The biggest change recently has been the introduction of financial regulations and a cost cap in the sport, which has meant tight budgets and reporting on what exactly the team has spent.
“We are very used to working within a budget,” says Gemma.
“But what has changed is that we need to have a different mindset, it’s no longer about having the biggest budget, it’s about how efficiently you spend your budget.”
“We want to get the most out of every £1 spent, getting the resource allocation right could be the difference between winning and losing races.”
This involves needing to accurately forecast and constantly adapt to the challenges the team faces.
“We can’t tell the business in November that there’s space in the budget to do something, because by that point it’s too late,” she adds.
“The season is almost over. We’ve got to know where we’re going to end up well before the end of the year so we can react.”
Gemma began working for Alpine around 14 years ago, during which it has been under the Renault name as well as Lotus F1 and since the 2021 season, Alpine, but initially she “didn’t know anything” about the sport.
“When I came for my interview, I knew nothing about F1,” says Gemma. “But I think that was part of the reason I got the job – I wasn’t a fan of the sport but I was interested in the content of the job.”
Prior to F1, she wanted to work in journalism, but after pursuing a media course at college she found it wasn’t the right fit.
“I knew that I was academic and I wanted a higher qualification, so it was pure chance that an entry level finance assistant role came up which offered study support to complete AAT,” says Gemma.
She then spent two years working for medical device company Penlon, then another two years at Oxford-based company OPP. While there, she realised she had a keen interest in tax, and was considering taking a purely tax role before she stumbled upon a finance analyst role at what was then called Renault F1 team.
“I finished my ACCA qualification there and within a matter of months, the team was sold to venture capitalists,” says Gemma.
“So, overnight, my job completely changed and I got involved in things that I never thought I’d be involved in because of it.”
That change in ownership in 2010 and the subsequent years brought up some of the biggest challenges Gemma’s faced in her career.
“Suddenly overnight all of our corporate reporting went away and instead we had very different reporting to do, we had to reinvent it. The new owners had different priorities, so it took a lot of adapting and changing quickly,” she says.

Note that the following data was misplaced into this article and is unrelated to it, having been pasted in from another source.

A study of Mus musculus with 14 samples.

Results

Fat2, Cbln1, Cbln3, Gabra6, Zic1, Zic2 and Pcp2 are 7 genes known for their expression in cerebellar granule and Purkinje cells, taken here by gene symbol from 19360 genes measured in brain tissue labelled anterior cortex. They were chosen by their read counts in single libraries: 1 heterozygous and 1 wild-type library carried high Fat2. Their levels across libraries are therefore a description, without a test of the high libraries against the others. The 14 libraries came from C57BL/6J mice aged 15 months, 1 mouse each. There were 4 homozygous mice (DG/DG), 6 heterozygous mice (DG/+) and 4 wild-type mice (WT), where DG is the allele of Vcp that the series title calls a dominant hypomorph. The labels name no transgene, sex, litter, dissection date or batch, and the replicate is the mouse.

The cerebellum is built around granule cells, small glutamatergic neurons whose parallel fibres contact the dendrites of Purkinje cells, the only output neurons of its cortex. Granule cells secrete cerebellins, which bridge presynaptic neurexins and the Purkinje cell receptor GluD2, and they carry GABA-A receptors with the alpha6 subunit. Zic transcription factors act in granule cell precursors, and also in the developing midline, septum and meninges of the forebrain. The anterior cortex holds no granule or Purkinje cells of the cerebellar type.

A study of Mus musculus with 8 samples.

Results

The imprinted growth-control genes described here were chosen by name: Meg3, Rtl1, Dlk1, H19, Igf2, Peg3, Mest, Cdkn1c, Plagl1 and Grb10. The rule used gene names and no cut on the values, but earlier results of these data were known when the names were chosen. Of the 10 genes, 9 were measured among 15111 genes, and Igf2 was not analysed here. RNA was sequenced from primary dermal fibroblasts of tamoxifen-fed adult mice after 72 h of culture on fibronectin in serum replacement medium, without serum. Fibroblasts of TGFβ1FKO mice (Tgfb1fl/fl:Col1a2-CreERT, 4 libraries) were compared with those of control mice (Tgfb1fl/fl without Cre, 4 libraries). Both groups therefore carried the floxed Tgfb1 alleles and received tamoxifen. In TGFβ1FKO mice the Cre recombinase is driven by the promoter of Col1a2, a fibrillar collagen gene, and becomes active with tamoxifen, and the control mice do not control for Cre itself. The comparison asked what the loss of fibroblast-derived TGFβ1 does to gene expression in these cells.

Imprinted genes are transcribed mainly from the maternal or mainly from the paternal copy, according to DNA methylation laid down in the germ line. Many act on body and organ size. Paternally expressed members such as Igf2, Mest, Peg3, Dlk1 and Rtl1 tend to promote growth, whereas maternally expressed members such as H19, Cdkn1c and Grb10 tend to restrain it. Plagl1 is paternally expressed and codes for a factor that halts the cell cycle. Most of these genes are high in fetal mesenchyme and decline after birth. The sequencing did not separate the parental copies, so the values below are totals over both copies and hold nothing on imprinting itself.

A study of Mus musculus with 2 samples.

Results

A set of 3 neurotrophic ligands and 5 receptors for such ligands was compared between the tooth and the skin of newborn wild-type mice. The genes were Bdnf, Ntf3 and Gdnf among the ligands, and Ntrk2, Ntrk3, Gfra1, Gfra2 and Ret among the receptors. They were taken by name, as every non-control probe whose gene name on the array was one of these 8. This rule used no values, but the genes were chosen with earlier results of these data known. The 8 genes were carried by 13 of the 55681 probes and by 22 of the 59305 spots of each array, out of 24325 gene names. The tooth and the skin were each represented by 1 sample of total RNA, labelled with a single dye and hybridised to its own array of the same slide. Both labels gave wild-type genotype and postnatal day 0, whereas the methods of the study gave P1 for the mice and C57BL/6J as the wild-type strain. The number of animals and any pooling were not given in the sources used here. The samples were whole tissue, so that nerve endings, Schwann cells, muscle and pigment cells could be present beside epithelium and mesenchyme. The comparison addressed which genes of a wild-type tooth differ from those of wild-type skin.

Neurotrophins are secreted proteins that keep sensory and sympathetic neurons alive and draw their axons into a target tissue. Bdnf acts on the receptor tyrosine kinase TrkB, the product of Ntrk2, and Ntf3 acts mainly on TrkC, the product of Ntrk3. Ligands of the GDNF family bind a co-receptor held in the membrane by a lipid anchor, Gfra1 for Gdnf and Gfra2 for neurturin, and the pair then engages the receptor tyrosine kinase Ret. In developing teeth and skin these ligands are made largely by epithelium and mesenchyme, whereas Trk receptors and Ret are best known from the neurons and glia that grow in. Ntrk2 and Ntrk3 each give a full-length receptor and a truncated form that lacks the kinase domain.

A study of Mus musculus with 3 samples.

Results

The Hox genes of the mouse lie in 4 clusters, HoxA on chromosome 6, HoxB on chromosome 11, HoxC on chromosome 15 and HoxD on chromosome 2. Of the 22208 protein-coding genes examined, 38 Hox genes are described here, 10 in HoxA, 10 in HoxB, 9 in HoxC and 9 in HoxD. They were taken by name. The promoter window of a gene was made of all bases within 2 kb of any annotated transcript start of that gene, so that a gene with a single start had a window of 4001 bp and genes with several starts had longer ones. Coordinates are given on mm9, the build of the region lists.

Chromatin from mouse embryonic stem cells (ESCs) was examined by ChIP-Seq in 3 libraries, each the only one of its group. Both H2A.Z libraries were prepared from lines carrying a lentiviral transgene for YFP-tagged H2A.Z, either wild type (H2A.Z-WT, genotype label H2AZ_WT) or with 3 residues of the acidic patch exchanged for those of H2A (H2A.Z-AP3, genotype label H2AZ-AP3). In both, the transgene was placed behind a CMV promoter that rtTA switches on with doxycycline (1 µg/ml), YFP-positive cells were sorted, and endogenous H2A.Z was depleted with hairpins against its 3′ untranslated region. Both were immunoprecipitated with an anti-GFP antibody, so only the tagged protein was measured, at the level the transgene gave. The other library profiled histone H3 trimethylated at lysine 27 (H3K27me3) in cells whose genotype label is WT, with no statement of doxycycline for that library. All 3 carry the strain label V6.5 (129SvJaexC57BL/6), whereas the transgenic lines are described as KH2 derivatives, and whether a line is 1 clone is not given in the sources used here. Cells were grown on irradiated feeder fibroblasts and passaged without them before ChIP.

During this time, many team members – including the CFO – left, which meant Gemma went from being two or three levels away from the CFO to directly reporting into the COO and working closely with the CEO.
“It’s no secret that towards the end of their ownership, we had a really big cash crisis on our hands,” says Gemma. “It was a very different five years, full of valuable experiences.”
But in 2015, Renault repurchased the team.
“I will never forget the day the sale back to Renault went through,” says Gemma.
“It’s probably the thing I’m most proud of in my career. It’s rewarding to have played a part in such an important process and to see the company grow thereafter.
“It’s an exciting time to be part of Group Renault and the Alpine brand”
Though her initial plan was just to stay for two years, Gemma has ended up staying for 14.
“So many opportunities have come my way and I feel like I’ve had a new job every two years,” she says.
“Covid again just threw in another 360 and we didn’t know what was coming next.”
“We had to do all we could to navigate the unknown again.”
But ultimately, Gemma says that’s where she’s at her strongest. “I thrive in those situations,” she says. “The best comes out of me when there’s a crisis to deal with.”
Along with a crisis, Gemma says she’s considered the “in-house guru” of complex accounting issues within the business. “They all seem to come my way,” she says.
Gemma has also come back to her initial love of tax, as she’s now responsible for the whole tax function.
“While the racing team actually travel around the world, I always joke that I metaphorically travel around the world to many of the different jurisdictions that we have activity in, and handle all of the tax compliance for those countries,” she says.
“I have a very broad role which means I have to know a little about a lot.”
“But when we deep dive into complex tax and accounting topics, I get to work with experts in those areas and become an expert myself for a day. Being able to upgrade my knowledge is something I really love about my job.”
"In business I wouldn’t say I have a hero, but I do have role models. Someone I look up to is Deborah Meaden. She has shown me that women can be successful leaders in business and I love her ethos. In life, my hero is my Grandad. My fondest memories are the phone calls I made to tell him each time I’d passed an exam and knowing it made him proud."
"I’m a huge fan of dance music, like anything by Eric Prydz. I’m really into fitness and I can certainly say that dance music has helped me reach the top of a few hills or push out a few more reps."
Chris is the founder and MD of GenerationCFO.com and creator of the Digital Finance Function Model and a contributor to many articles on our platform. Chris focuses on the shift toward digital transformation in accounting and finance, shows you what good looks like, then helps to get you there!